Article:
A breath sound that is not normally heard, such as a crackle, gurgle, rhonchus, or wheeze. It may be superimposed on normal breath sounds.
A small outpouching along the walls of the alveolar sacs through which gas exchange between alveolar air and pulmonary capillary blood takes place.
Angle of Luis
An anatomical landmark located on the sternum; it can be felt as a notch or ridge at the top of the sternum.
Anterior Axillary Line
An imaginary vertical line on the body wall continuing the line of the anterior axillary fold with the upper arm.
The top, the end, the summit, or the extremity of a structure.
An absence of spontaneous respiration.
A large, rounded thorax.
Base of Lungs
The base of the lung is broad and concave, rests on the convex surface of the diaphragm.
An abnormal respiratory pattern, characterized by short episodes of rapid, uniformly deep inspirations followed by 10 to 30 seconds of apnea.
An abnormally low rate of breathing (lower than 12 breaths/min).
Bronchial Breath Sound
A normal sound heard with a stethoscope over the main airways of the lungs, especially the trachea. Expiration and inspiration produce noise of equal loudness and duration, sounding like blowing through a hollow tube. The expiratory sound is heard during the greater part of expiration, whereas the inspiratory sound stops abruptly at the height of inspiration, with a pause before the sound of expiration is heard.
One of three normal breath sounds that occur between the sounds of the bronchial tubes and those of the alveoli, or a combination of the two sounds.
An abnormal pattern of respiration, characterized by alternating periods of apnea and deep, rapid breathing.
Of or relating to a rib and the vertebral column.
The lower edge of the chest (thorax), formed by the bottom edge of the rib cage.
A sudden audible expulsion of air from the lungs.
A small, sharp sound heard on auscultation.
A form of breathing difficulty caused by an obstruction in the larynx, trachea, or bronchi. The patient attempts to compensate for this deficiency with prolonged, deep inspirations.
Normal, quiet breathing at a rate of 12 to 20 breaths per minute in adults.
Coughing up of blood from the respiratory tract. Blood-streaked sputum often is present in minor upper respiratory infections or bronchitis.
Inadequate oxygen tension at the cellular level, characterized by tachycardia, hypertension, peripheral vasoconstriction, dizziness, and mental confusion.
The region between the ribs.
Air hunger; deep rapid breathing as seen in respiratory acidosis.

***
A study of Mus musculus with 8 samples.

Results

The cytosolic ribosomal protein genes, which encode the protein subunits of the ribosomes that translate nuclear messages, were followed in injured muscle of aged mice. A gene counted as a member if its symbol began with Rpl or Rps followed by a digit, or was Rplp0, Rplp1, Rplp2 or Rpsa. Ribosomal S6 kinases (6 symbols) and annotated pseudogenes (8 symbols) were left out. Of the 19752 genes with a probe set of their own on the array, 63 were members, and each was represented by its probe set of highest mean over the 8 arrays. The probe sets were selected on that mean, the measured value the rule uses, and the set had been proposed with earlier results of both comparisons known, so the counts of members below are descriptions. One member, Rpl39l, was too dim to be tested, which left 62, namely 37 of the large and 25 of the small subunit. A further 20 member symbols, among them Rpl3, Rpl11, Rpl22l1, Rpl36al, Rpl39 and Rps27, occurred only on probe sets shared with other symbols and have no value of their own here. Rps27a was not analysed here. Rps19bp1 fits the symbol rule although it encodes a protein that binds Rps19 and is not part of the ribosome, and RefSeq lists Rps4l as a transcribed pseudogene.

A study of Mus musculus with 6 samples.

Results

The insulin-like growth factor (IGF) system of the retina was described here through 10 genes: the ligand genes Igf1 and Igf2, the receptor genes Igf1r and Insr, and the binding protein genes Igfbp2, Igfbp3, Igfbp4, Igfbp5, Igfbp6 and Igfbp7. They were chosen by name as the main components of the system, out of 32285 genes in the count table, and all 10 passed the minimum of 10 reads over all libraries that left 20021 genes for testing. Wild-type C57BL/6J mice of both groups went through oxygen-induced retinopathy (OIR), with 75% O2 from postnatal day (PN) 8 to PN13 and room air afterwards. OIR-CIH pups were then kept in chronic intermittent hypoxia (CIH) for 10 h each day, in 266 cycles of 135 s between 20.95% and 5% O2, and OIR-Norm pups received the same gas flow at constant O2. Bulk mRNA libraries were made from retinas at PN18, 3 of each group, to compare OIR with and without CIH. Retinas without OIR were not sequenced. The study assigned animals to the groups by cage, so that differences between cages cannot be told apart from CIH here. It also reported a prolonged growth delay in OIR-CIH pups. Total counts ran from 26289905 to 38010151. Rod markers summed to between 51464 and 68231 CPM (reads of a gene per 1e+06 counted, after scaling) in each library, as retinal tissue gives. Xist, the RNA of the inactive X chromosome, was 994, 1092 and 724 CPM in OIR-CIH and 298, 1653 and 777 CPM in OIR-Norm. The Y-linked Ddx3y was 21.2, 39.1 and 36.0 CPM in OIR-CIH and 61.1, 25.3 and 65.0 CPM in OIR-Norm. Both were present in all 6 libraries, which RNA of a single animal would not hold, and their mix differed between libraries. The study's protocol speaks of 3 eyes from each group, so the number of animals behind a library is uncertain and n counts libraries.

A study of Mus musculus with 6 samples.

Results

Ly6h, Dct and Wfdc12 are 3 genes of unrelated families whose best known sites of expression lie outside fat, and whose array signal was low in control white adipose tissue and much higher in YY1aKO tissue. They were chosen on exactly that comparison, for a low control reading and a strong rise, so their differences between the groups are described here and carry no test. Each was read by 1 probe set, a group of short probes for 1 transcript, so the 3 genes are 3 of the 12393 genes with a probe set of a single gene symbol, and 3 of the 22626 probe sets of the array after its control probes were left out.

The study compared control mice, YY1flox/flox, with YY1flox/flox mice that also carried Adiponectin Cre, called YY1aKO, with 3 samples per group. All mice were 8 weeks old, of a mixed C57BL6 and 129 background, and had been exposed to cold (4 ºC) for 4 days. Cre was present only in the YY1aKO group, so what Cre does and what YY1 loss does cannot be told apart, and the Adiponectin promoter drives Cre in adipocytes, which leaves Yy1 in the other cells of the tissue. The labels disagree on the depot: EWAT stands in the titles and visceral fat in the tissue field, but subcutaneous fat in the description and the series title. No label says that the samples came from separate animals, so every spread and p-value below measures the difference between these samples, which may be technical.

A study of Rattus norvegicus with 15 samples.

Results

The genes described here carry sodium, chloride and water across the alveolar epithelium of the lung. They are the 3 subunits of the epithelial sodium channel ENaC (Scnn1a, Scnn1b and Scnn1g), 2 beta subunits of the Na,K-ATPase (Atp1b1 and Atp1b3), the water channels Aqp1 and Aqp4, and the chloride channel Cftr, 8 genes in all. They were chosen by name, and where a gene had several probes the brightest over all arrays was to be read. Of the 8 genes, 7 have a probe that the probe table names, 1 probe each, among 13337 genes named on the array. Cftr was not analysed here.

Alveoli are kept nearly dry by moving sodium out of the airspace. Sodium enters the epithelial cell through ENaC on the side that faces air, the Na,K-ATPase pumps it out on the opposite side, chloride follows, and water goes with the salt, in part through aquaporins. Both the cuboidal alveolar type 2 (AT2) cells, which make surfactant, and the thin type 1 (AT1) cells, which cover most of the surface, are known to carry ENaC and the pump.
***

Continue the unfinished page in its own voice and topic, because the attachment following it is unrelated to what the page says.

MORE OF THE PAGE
An imaginary vertical line that passes midway between the anterior and posterior axillary folds.
(In anatomy) an imaginary line that extends downward over the trunk from the midpoint of the clavicle, dividing each side of the anterior chest into two parts.
An abnormal condition in which a person must sit or stand to breathe deeply or comfortably.
A congenital structural defect characterized by a prominent anterior projection of the xiphoid and the lower part of the sternum and by a lengthening of the costal cartilages.
A skeletal abnormality of the chest characterized by a depressed sternum.
Pleural Friction Rub
An abnormal coarse, grating sound heard on auscultation of the lungs during late inspiration and early expiration. It occurs when the visceral and parietal pleural surfaces rub against each other.
Posterior Axillary Line
Runs from the posterior axillary fold down the posterolateral aspect of the chest wall
Loud rumbling sounds heard on auscultation of bronchi obstructed by sputum
Material coughed up from the lungs and expectorated through the mouth. It contains mucus, cellular debris, or microorganisms, and it also may contain blood or pus.
An abnormal high-pitched musical sound caused by an obstruction in the trachea or larynx. It is usually heard during inspiration.
The large notch in the manubrium of sternum.
An abnormally rapid rate of breathing (more than 20 breaths per minute in adults)
Place hands on lower posterior chest wall with thumbs toward spine. Assess expansion of chest as thumbs move. Movement should be symettric
Vesicular Breath Sounds
A normal sound of rustling or swishing heard with a stethoscope over the lung periphery. It characteristically has a higher pitch during inspiration and fades rapidly during expiration.
To breathe with difficulty, producing a hoarse whistling sound.
The smallest of three parts of the sternum, articulating with the inferior end of the body of the sternum above and laterally with the seventh rib.